This is the eulogy I wrote for my mother’s funeral. I wrote it late the night before, having put off the task with the hope and expectation that there would be some last-minute divine intervention. And there was! I think my mother was watching and decided she could not let me fuck this one up. It’s not perfect, but it is what I actually read. As you can see, the ideas that I’m sorting out in this blog have been with me the whole time.
“On behalf of my family, I want to thank everyone for coming. It means so much to us to have you here to honor my mother’s life.
As her daughter, and probably as anyone who knew her well, it’s hard to know what person and life to honor. In a lot of ways I think my mother led two distinct lives. The first part, which thankfully was the largest, was filled with passion, adventure and achievement. She was a very sensitive person, and she put love into everything. She traveled the world, dedicated years of her life to environmental protection, she was a devoted teacher, and of course, a mother. One of the nicest, and most difficult, things for me to hear over the past few weeks is how much she adored my sister and me. How, though she had a million interests, we were really her life. She gave us a lot of love, but she also raised us to be strong and independent. And on top of all this, she was also a lot of fun. She loved laughing and telling jokes, she could talk (and talk) to anyone, and she was a great hostess.
But my mother’s life was also filled with tragedy. She lost her son, Yuri David, and then she lost her husband, my father, George. And I just think it was too much for her. These two people left her life, and they left enormous holes in her heart. I don’t think she believed it was possible to fill them. She was so sad, and she turned to alcohol to deal with her feelings.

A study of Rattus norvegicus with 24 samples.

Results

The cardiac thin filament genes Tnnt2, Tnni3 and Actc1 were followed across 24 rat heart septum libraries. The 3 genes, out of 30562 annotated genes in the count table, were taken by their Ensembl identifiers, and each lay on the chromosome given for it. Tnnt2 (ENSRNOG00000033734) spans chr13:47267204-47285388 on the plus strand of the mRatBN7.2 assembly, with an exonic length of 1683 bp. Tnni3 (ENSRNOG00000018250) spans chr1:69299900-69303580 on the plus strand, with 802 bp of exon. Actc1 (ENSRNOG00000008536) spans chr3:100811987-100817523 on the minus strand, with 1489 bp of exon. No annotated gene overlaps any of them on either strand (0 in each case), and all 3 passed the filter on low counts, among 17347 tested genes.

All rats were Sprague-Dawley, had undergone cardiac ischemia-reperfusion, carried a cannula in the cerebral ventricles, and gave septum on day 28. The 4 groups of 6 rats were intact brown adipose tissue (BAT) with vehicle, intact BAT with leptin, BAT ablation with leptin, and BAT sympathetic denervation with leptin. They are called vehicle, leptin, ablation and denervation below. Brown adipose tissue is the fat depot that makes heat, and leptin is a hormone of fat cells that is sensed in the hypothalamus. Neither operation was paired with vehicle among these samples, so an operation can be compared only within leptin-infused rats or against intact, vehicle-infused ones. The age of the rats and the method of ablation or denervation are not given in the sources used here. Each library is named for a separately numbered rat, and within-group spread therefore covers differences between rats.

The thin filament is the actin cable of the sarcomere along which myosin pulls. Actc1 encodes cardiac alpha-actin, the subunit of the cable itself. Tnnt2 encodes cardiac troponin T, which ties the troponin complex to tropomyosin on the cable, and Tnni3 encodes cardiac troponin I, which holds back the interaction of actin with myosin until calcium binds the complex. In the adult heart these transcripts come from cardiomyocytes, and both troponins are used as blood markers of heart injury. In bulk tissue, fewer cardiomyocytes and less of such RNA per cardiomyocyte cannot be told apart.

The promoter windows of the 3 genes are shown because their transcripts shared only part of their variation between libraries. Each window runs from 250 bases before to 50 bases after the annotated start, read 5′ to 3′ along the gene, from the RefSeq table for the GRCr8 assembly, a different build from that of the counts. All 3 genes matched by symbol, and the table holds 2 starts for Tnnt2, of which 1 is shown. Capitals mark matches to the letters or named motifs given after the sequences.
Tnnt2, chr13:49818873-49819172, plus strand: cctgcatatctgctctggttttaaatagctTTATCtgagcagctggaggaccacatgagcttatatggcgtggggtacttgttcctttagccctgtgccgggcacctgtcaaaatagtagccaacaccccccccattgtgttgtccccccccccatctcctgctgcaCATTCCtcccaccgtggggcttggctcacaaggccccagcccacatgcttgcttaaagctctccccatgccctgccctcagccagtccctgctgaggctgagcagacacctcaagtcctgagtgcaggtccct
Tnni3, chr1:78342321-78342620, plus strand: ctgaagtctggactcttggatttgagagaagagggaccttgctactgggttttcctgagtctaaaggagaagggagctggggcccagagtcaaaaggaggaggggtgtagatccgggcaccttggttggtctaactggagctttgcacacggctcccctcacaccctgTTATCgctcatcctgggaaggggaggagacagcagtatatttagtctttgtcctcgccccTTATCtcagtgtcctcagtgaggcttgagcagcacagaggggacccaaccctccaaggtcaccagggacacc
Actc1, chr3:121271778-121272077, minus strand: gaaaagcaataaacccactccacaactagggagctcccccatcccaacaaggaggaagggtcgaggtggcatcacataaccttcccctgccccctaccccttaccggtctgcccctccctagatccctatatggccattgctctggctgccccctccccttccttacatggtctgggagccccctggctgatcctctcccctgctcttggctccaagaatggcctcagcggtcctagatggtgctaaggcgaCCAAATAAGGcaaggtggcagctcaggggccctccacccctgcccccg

And we know the rest. For so long her friends and family rallied behind her, but she didn’t believe in herself the way we believed in her. I felt so helpless as I watched her sink further and further into her anger and grief. I also felt incredibly sad, angry, and confused. For so long I thought things might change, but eventually I accepted that they weren’t going to. She continued to decline, and toward the end of her life, I know many of us felt that she just wasn’t the person we knew and loved. I know it’s going to take me a while to make sense of it, as much as you can make sense of anything.
People have told me that of the most difficult things to do after someone dies is to go through their personal belongings. And yes, it is difficult, but going through my mom’s stuff has actually been really comforting, though it does make me feel a kid, that I’m being really naughty by reading Mommy’s love letters, and that she might show up at any time and scream at me. Now that she’s gone, I can finally get to the good stuff, the stuff in the boxes on the top shelf that I need a chair to reach. This excavating is weird and it is sad, but I’m learning so many funny things about who my mother was when she was not my mother, that I can’t help but be a little bit happy and even charmed. One of the things I learned recently is that one of my father’s nicknames for my mother was “Scrump.” Scrump? I definitely never heard that word in my house, and I can’t really imagine my father saying it. But he did, and I have the letter to prove it.
(I can’t find the letter, but when I do I’ll include the text.)
My father really loved my mother. And she loved him. They had a passionate, goofy, fun love. I am so sad for her that it did not last her whole life, but I am so happy she had it for a good long while.
One of the best things about going through my mother’s stuff is seeing all of the pictures, and I’m talking about thousands of pictures. My father was a wonderful photographer, and he documented everything, big and small, and I feel so lucky to have this window into their life. I’ve been pouring over these pictures from the sixties and seventies and I’ve made a realization that’s exciting to me now, but would have freaked me out when I was younger, when I definitely would have never verbalized it…but I think I’m ready.
My mother was cool. She was really, really cool. I feel lucky to be her daughter (most of the time), but I would have loved to be her friend. I wish I could have traveled with her. I wish I could have stayed up late with her, arguing about politics and philosophy. I definitely wish I could have borrowed her clothes, and I can’t even tell you how badly I want to have gone to one of her parties. Of course that can’t happen. And of course I can’t pretend my mother didn’t turn into a different, broken person. But I know that person, and it was often not an easy relationship. Now that I have all of these pictures and letters and tickets stubs, and, of course, all of your stories about her, I realize I can honor my mother by getting to know the woman I never knew.”